A New Hampshire state representative proposed legislation this month to make consensual prostitution legal in the state.
While prostitution is currently legal in Nevada, it is only legal in brothels and is illegal in Carson City, the capital, and four out of 16 counties. Street prostitution is illegal. The proposed New Hampshire bill, on the other hand, legalizes consensual prostitution between consenting adults statewide and does not limit solicitation of sex to brothels.
The bill also states that it “makes any solicitation of sexual contact involving a person under 18 years of age or through the use of force or intimidation a felony.”
Rep. Elizabeth Edwards of Manchester said her bill was written in light of Amnesty International’s recent call to legalize prostitution globally and protect the human rights of sex workers. Amnesty International states that sex workers are “one of the most disadvantaged groups of people in the world, often forced to live outside the law and denied their most basic human rights.”
“Sex workers are not able to negotiate and organize for their rights, or for access to the justice system when their livelihood is a crime,” Edwards said to local news station NH1.
Students at John Brown University had varying opinions on legalizing sex work. Lindsay Dodson, senior marketing major, summarized the discussion by saying that right now, the situation with prostitution in the U.S. is unhealthy, and the question is whether legalizing sex work will make it better.
“I know there’s a lot of abuse that happens. Not only with pimps, but also with the clients,” Dodson said. “People get murdered that way.”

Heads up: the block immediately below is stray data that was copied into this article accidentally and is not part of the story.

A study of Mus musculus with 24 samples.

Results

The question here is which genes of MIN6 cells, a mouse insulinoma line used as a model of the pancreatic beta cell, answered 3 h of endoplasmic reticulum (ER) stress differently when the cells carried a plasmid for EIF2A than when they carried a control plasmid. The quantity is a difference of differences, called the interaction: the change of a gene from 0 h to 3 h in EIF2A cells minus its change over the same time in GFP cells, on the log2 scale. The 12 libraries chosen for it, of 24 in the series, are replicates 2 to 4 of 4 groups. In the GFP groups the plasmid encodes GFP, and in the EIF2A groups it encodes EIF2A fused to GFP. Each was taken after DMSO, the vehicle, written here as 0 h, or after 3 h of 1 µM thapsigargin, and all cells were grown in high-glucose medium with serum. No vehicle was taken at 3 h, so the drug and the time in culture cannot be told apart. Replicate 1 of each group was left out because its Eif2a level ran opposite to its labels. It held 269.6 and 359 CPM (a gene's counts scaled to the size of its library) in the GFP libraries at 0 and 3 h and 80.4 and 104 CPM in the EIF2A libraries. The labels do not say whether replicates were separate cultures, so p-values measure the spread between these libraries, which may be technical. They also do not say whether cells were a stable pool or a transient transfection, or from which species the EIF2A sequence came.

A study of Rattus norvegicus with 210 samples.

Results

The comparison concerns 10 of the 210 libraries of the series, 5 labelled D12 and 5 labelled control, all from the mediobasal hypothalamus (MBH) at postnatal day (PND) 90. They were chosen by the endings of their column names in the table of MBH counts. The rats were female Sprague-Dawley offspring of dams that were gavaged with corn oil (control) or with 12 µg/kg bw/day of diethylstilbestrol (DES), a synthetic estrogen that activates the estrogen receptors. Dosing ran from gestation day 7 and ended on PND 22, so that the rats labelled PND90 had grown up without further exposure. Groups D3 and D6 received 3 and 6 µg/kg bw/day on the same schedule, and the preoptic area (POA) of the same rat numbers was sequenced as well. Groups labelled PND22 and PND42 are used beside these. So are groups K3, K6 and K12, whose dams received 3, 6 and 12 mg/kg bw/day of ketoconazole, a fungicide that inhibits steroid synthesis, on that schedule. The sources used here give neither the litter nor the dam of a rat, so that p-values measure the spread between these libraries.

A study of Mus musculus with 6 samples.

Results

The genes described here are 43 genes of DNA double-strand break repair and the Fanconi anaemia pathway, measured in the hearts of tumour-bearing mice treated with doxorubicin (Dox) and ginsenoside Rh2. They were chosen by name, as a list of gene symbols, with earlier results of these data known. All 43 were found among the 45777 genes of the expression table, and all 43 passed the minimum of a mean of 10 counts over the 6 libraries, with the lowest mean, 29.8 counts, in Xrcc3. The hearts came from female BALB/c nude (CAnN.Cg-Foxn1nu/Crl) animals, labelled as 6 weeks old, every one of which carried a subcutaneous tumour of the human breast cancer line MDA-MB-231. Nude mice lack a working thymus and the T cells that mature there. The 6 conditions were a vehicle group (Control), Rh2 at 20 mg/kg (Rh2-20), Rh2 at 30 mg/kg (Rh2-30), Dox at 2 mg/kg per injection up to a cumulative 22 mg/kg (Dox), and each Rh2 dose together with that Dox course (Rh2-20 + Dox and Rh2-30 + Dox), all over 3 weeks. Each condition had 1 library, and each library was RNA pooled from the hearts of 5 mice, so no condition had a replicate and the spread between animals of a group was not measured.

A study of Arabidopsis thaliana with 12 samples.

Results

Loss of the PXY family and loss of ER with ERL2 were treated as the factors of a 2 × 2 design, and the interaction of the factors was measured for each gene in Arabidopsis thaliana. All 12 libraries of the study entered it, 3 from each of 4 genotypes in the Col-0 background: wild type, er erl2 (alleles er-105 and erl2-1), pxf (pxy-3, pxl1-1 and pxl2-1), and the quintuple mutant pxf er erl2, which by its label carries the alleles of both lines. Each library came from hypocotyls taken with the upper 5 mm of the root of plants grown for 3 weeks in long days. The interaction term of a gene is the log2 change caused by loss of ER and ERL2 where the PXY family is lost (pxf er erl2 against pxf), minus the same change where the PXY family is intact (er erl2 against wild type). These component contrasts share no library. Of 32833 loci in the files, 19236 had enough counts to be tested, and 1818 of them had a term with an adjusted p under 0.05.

Dodson said she is for the legalization of prostitution and noted that prostitution is legal in Australia, Canada and much of Western Europe, where HIV rates are low.
Dodson said after researching the issue, her three main reasons for supporting the legalization of prostitution are that it is better for workers as it enables them to report abuse, it gives people autonomy over their bodies and allows police to focus their energies on sex trafficking.
Krista Gay is the founder of campus ministry Students Against Sex Slavery (SASS) and is a volunteer at the North West Arkansas Rape Crisis Center where she manages the crisis hotline and assists in forensic exams of people who have been raped. Gay said she believes the proposed bill is not good for human rights.
“This bill will only increase the demand, and thus the number of vulnerable individuals entering the sex trade by force, not by choice,” Gay said.
“Empowering women means giving them the right to choose who they have sex with, and when. Legalizing prostitution allows other individuals to manipulate this right,” Gay said.
“Pimps will flock to areas where they can fly under the radar. If prostitution is legal, no one will be looking for prostitutes and question them. Prostitutes lie and say they are doing it willingly because they do not want to be punished, nor do they want their family to be harmed. However, upon careful investigation, it is often discovered that these women really have no choice at all.”
In response to the argument that people should have autonomy over their bodies, Gay said, “I support an individual’s right to have sex with whomever they choose, as long as it is 100 percent consensual.”
“I have met dozens of prostitutes, and I have never met one that sold their body who enjoyed it, or were doing it because they wanted to. They were often being forced to do it by a boyfriend or a pimp,” Gay added, explaining that she has been on several anti-trafficking trips in the U.S., Philippines, and Niger.
Cooper Richardson, co-leader of SASS, echoed Gay’s sentiments.
“I do not support this bill,” Richardson said. “Having traveled abroad and seen many different ways people fight trafficking and prostitution, I think that we should be funding programs that support helping woman obtain dignified jobs, not legalizing demeaning ones.”